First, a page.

Time For Some Good News

vin-scully-i-will-miss-2Maybe it’s time for some good news. On the morning when 100 million of us are likely to watch the presidential debates tonight—in this most bizarre of political seasons, in this most fractured nation of ours—here’s the kind of good news we long to hear. Yesterday, one humble, gracious man, Vin Scully, who after 67 years as the announcer for the Los Angeles Dodgers, at the age of 89, occupied the broadcast booth for the last time. “I will miss you,” he said, characteristically shifting the focus from himself.

He was appropriately lionized yesterday. The papers are full of glowing tributes this morning. All kinds of people were recalling a story of Vin Scully coming into their homes. I listened to Scully as a child in Phoenix. Phoenix was home of the farm team for the arch rival San Francisco Giants. On sultry summer evenings, I was elated to watch the likes of Willie Mays, Willie McCovey, and Juan Marichal, before they became towering figures of the game. But on Saturday afternoons, I also listened to the Dodger’s broadcasts, and there was Vin Scully, that not-too-excitable, always-calm voice, yet always bringing the verve and the drama of up-to-the-minute baseball into our lives.

The Dodgers won the National League West Division yesterday, but not until the bottom of the tenth inning. It all unfolded suddenly with a home run by a journeyman infielder, Charlie Culberson, not used to hitting home runs. It was a perfect finish to Scully’s illustrious career. In his matter-of-fact voice he called the play—“oh-and-one to Charlie . . . swung on and a high drive to deep left field”—and then the drama, always the drama with Scully—“the Dodger bench empties, would you believe a home run?” He often went silent in these dramatic moments, often for long stretches. In typical fashion, he refused to insert himself, when the actual play, he felt, was better than his voice.

But then came the finishing touches yesterday. The players, dancing and leaping on the field, suddenly turned to Scully’s booth and tipped their hats for an appreciative good-bye. Scully took up the microphone for one last time and told the fans, especially the fans, and the players, that they were the wind beneath his wings. And then they played a recording—all of this Hollywood signature stuff—a recording he made for his wife twenty-five years ago. The voice was his, with orchestral background, the tune “The Wind Beneath My Wings”: “So I was the one with the glory, while you were the one with all the strength.” The cameras caught women crying all over the stadium. I had tears in my eyes. Maybe a bit of schmaltz, to be sure, but genuine and appropriate from such a humble man. It was a final gesture to his team, his community, the sport he loved, his wife, and, yes, in deep gratitude to God for the gift of the life and work and people he loved. I’ve never seen anything quite like it.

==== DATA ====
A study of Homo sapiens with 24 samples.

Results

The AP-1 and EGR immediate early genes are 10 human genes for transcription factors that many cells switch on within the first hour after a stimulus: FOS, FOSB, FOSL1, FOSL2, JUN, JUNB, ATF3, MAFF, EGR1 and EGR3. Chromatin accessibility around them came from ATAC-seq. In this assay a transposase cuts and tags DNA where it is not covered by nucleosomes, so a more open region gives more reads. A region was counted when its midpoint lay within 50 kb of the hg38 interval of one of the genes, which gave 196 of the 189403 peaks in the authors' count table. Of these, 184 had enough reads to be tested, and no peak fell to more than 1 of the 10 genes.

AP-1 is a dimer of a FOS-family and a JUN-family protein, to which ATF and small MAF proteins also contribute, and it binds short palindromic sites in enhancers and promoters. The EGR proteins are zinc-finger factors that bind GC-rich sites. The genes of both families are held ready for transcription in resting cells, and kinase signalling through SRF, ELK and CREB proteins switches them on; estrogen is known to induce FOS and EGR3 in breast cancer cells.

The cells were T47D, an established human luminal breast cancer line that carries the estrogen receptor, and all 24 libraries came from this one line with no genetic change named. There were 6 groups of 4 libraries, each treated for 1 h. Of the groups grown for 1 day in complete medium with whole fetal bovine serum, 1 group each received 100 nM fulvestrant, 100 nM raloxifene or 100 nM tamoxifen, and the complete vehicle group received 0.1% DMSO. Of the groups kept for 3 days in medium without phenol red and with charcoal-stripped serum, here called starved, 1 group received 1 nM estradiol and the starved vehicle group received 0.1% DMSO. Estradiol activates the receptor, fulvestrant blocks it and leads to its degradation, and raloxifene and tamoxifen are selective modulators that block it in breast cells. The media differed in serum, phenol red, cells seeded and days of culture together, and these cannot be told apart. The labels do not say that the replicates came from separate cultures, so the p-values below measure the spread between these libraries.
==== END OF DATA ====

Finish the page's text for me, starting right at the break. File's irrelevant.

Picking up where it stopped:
In an age when overcharged egos occupy about every stage within sight; in a time when neither we nor our institutions are loyal; in a time when our egos divide marriages, communities, our nation—here was a tribute to a different sort of man. He loved his work with all his heart. He did it with consummate skill and beauty. He was loyal to the game and to the organization he served. Through it all he considered himself a husband, father, grandfather. Most of all, he said, he wanted simply to be an honorable man. Through it all there was that signature humility, always giving credit elsewhere, consistently expressing gratitude, so often dipping into the poignant moments of human decency.

Even yesterday, as he cooed over a sleeping baby in the arms of her dad; even as he seamlessly weaved one of his famous stories in-between pitches without skipping a beat; even then as he talked about the lives of the players, their families, their deeper convictions, their work-ethic—he was, yes, the teacher, the encourager, the reconciler. Vince Scully attended mass before every game with the players and the groundskeepers. Here lies the source of his humility. This faithfulness brought to his work a much larger context. He was a man called to a higher purpose through his work. May God give each one of us, no matter our stage in life, such a calling, such a posture in life, such humility.

And so as we watch the jarring theatrics of the debates tonight, maybe it’s worth thinking about Vin Scully. It can be different, we want to remind ourselves. Our lives can participate in genuine goodness. Would that our leaders would call us to our better selves, but if that’s not to be for this season, it’s worth watching carefully the lives of the Vin Scully’s of our world to discover there a better way.